Annual, top-down performance reviews no longer cut it. What managers and employees really want is full, 360-degree feedback, where everyone’s opinion can be heard.
Top-down performance reviews have rarely earned any manager or employee any valuable insight. Unfortunately, they can often be as far removed from fostering employee/manager relationships as can be, but far worse than this is their fundamental flaw: that the feedback bosses give via them can often be inaccurate and based only on the very limited interactions he/she might have had with employees during the course of that year.
Often removed from what their direct reports really contribute amongst their teams, it’s much more likely managers have an inaccurate view about what a person really is like to work with; what their level of professionalism is, or whether they engender collaboration; or reach their objectives. To their credit, many bosses now agree. A recent poll1 found 87% of both parties agreed one-on-one reviews alone were ineffective and not fit for purpose. But knowing this and breaking default habits are two very different things.
Not lack of feedback; just the right ‘type’ of feedback
It’s not that employees don’t like feedback – in fact 75% of employees say it’s invaluable2 (with millennials, in particular, appreciating it as often as possible). The issue they have is that many feel it doesn’t come from the right place – ie the people they actually work with on a day-to-day basis. What staff really want isn’t the view of one, but the view of many achieved by implementing full 360-degree feedback.
A fuller picture creates wider organisational benefits
Feedback from peers is preferred because it literally presents employees in the round. Some 45% of employee respondents to a recent PwC survey3 said they wanted feedback from clients and peers principally because of this.
But there are more good reasons organisations should start to support 360-degree reviews. For not only do they bring a much-needed boost to those for whom the feedback is directly about (those who experience 360-degree feedback report having better morale and confidence – thus boosting their engagement and productivity), but its impact is far wider. By involving others, seeking their views and listening to colleagues, managers bring about inclusivity to a business. They help foster a greater sense of connection, where everyone’s opinion matters. When there is an expectation that feedback should be inclusive, it boosts company culture, breaks-down silos, and builds a consensus that everyone can learn from each other. In other words, openness and transparency matters. So successfully have some firms been in using 360-degree feedback, that it’s now colleagues that co-set the pay of their peers – even that of the CEOs – as well as a host of other benefits, like the amount of holiday they are allowed to take.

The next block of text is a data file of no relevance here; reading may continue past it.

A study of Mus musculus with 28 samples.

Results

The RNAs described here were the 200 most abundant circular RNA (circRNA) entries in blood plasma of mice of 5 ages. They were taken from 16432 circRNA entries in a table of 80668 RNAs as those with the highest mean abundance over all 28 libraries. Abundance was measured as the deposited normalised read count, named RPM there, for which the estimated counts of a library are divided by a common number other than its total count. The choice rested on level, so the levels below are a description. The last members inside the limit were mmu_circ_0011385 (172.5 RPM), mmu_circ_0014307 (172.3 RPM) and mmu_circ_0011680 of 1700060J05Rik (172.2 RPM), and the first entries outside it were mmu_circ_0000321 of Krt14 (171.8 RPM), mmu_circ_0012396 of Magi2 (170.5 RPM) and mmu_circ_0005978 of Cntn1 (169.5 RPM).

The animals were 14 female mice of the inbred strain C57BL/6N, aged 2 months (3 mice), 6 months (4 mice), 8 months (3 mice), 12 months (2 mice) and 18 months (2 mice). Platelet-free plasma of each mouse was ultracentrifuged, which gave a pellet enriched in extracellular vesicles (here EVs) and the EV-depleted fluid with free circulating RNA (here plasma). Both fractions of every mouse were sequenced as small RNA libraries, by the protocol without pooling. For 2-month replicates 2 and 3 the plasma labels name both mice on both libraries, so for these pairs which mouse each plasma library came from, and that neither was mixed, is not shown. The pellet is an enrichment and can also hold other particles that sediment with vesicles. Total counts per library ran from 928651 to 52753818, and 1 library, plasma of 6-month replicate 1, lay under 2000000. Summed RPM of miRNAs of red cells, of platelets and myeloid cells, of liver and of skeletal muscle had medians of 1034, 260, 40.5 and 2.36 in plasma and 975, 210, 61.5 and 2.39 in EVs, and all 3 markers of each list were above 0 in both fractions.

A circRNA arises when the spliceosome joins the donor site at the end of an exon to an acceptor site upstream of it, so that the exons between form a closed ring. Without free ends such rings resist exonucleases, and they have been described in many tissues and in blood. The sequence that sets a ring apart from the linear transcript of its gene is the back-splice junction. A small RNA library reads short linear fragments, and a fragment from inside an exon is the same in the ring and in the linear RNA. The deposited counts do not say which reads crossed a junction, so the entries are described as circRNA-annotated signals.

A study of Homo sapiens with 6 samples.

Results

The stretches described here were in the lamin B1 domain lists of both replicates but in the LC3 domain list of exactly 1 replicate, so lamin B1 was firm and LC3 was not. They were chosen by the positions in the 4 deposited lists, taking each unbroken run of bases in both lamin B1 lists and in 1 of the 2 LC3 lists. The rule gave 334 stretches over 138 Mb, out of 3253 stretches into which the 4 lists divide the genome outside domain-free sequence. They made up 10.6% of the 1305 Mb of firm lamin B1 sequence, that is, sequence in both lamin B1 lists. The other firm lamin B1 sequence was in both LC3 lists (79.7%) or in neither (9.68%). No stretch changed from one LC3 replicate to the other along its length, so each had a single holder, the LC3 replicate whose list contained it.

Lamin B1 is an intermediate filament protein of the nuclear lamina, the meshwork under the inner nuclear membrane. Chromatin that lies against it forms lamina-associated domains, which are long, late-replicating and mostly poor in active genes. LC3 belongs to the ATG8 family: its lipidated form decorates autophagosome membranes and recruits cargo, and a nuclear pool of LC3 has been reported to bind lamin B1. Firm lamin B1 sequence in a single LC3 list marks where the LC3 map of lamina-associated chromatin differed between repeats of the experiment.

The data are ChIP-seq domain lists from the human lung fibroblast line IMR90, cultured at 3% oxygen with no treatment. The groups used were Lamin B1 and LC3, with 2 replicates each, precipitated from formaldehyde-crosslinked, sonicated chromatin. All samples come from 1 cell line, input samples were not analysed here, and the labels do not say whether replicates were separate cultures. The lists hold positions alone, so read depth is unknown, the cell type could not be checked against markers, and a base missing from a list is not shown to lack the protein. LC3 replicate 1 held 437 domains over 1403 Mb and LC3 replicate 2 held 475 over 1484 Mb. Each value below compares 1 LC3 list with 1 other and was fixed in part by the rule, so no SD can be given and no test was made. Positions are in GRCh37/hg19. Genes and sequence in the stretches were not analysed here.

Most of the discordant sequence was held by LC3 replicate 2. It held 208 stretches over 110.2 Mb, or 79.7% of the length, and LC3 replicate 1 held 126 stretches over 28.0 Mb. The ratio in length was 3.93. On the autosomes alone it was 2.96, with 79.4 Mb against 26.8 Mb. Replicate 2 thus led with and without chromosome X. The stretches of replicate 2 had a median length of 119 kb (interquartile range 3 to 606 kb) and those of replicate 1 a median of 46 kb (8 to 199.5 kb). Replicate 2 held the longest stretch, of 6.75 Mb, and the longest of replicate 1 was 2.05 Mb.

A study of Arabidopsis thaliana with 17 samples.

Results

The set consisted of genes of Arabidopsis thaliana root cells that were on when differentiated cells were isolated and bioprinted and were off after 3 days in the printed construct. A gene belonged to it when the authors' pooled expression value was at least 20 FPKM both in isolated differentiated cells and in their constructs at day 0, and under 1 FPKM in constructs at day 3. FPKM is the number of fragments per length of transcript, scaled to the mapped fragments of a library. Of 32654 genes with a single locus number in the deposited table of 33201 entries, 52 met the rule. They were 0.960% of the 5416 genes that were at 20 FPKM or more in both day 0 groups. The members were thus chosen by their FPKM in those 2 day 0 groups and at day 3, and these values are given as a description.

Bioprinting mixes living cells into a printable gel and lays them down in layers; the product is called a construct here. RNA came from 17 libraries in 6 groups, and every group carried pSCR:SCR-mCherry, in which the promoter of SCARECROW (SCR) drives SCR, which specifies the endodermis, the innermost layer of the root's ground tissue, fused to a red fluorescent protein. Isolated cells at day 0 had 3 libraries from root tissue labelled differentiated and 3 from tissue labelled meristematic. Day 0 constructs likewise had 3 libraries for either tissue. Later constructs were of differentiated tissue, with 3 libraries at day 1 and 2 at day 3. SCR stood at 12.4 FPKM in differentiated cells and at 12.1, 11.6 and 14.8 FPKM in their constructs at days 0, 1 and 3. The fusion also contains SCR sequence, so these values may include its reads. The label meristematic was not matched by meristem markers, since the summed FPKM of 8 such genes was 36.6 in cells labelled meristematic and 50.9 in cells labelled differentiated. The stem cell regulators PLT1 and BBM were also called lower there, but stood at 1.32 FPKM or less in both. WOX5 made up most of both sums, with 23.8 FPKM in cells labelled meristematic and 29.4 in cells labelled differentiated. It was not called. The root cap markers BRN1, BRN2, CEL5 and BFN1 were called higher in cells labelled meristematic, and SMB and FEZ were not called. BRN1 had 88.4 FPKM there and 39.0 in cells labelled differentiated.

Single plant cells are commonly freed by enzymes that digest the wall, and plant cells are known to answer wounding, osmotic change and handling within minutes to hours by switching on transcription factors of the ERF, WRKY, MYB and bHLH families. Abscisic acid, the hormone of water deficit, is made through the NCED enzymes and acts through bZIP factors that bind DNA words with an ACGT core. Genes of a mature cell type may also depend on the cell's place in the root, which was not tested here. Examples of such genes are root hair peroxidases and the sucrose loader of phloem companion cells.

Fairness for all
Where 360-degree reviews really excel though, is by also bringing much-needed consistency to the sometimes inconsistent and disorganised approach that one-to-ones can have.
Most managers will admit they simply don’t have time to properly plan reviews for staff. Often they’re conducted with a quick few minutes grabbed, and (perhaps because of uneasiness tackling difficult issues), problems can be skirted around, or not mentioned at all. At worse they often fail to bring fairness to all, and favour just those who managers have better personal relationships with.
Put process into your performance management
Because 360-degree reviews are a more process-driven event, requiring a tech-solution based solution, none of these pitfalls survive. Feedback now requires rules: alerts, so others can be asked to contribute their feedback, feedback criteria that is repeatable each time, and systems to collate and analyse the results. In essence it brings back the whole point of doing reviews in the first place – to record, analysis and discuss performance, set against goals, targets, and in a fact-based, adult way.
It sounds so simple when you think about it. One person’s view is merely an opinion; the opinion of many, if uninfluenced, starts to create facts.
The good news is staff aren’t afraid of hearing from others, because it gives crucial light and shade, and the basis for how they can improve going forward. It’s surely time for more managers to embrace seeing the full picture in front of them.